In US, Iraqi refugees shed tears for homeland

By Andy Goldberg, IANS

Oakland (California) : Of the more than four million Iraqis displaced since the US invasion in 2003, few are as lucky as Hana, Wafa and Sana Toma.


But eventually, the three sisters found a home in Oakland, California, where their brother Shamil had lived for 15 years after paying a guide to lead him and a cousin through the mountains of northern Iraq to the Turkish border.

Now the sisters are safe but confused, living in a small apartment in the gritty city in northern California. “We are glad to be here to see our brother. We are also glad to be in a safe place to live in peace,” said Wafa, who like the rest of her family is a Chaldean Christian.

“America is the reason for us to leave, yet America brought us here,” she says poignantly.

Such conflicted feelings are common among Iraqi refugees in the US – though they can be hard to find. At the start of the year, the huge country had admitted just 466 refugees since its armed forces overthrew Saddam Hussein.

That prompted widespread criticism and a decision to let in a further 7,000 this year and a total of 18,000 by 2010.

However, those numbers are not even close to being met.

The US admitted only 1,608 Iraqi refugees this past year, according to a New York Times study, which found that even Iraqis working with US forces find it almost impossible to get permission to move to the US.

Despite their service to US forces they often have to wait approximately six years for a visa. With militants targeting on a daily basis, many have taken to sneaking in to the US illegally and then applying for asylum.

Mustafa Al-Bayati also fled to the US after his father Hasan was kidnapped and killed. Hasan’s crime: he was the brother of Hamid al-Bayati, now Iraq’s ambassador to the United Nations and formerly a prominent member of Iraq’s Shia-dominated government.

“I was afraid of death. It was impossible to stay in Baghdad,” Al-Bayati, 21, said.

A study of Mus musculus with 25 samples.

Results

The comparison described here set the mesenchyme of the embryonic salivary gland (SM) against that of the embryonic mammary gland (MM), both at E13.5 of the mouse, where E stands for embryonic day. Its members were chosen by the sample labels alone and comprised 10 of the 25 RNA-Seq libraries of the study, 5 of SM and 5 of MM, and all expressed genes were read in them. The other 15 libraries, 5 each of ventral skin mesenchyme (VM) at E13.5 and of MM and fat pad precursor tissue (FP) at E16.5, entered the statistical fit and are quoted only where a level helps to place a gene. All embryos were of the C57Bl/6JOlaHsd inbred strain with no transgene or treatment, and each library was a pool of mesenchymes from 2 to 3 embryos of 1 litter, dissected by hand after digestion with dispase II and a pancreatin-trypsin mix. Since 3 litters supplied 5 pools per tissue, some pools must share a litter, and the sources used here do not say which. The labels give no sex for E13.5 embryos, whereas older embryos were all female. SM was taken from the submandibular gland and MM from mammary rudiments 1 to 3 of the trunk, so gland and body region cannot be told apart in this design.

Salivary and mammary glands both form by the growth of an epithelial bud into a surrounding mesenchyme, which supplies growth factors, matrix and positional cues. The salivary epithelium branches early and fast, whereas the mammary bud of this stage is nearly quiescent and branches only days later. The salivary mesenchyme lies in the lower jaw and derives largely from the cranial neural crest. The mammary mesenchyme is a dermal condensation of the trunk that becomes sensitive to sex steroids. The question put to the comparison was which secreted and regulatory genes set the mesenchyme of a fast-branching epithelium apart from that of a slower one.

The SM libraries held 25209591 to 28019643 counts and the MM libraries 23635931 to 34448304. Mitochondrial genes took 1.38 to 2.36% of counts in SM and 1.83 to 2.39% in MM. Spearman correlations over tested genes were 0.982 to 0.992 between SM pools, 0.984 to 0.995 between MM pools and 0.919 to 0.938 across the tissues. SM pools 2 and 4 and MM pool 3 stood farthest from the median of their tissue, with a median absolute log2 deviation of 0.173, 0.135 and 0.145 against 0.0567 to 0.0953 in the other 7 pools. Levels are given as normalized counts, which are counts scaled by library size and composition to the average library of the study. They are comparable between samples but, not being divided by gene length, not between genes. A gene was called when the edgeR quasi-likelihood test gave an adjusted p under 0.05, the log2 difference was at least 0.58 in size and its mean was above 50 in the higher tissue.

But life in America also has its problems. Al-Bayati wants to be an engineer someday and had been studying at Baghdad’s University of Technology.

Due to US regulations his education is now in jeopardy: as the government expects all working-age refugees to find employment within 30 days, al-Bayati has put his studies on hold to look for work to support his mother Eman, 51, and younger brother Mohammed, 10.

Assad, who asked that his family name not be used, trekked from Iraq to Turkey and from Turkey to Greece, before flying on to Spain, Brazil, Guatemala and Mexico and eventually sneaking across the US border.

He was one of over 500 Iraqis who applied for asylum this year, but his family remains in Syria and Assad is bitter at their fate. “I worked with the United States Army. Now my family has to pay the price,” he said.

Assad lives in El Cajon, a small town east of San Diego, a region that is home to up to 40,000 Iraqis, many of them Chaldean Christian, according to refugee worker Lejla Voloder.

Many of them tend to gather at the El Cajon Shish Kebab restaurant where they discuss the political situation in their homeland and eat traditional foods.

Over plates of food, discussion and debate are rife among them. And disagreements about politics are allowed without anyone having to pay dissent with their life, they say.

“Saddam was a terrible man who killed thousands of people,” said Hassan al-Maalaki, 48. “It is good that he is gone,” he adds.

“Not so”, said Nael Tito, 29, another Iraqi native. “When Saddam was president, there were no terrorists,” he says and adds: “Now when somebody leaves home, they don’t know if they are going to come back.”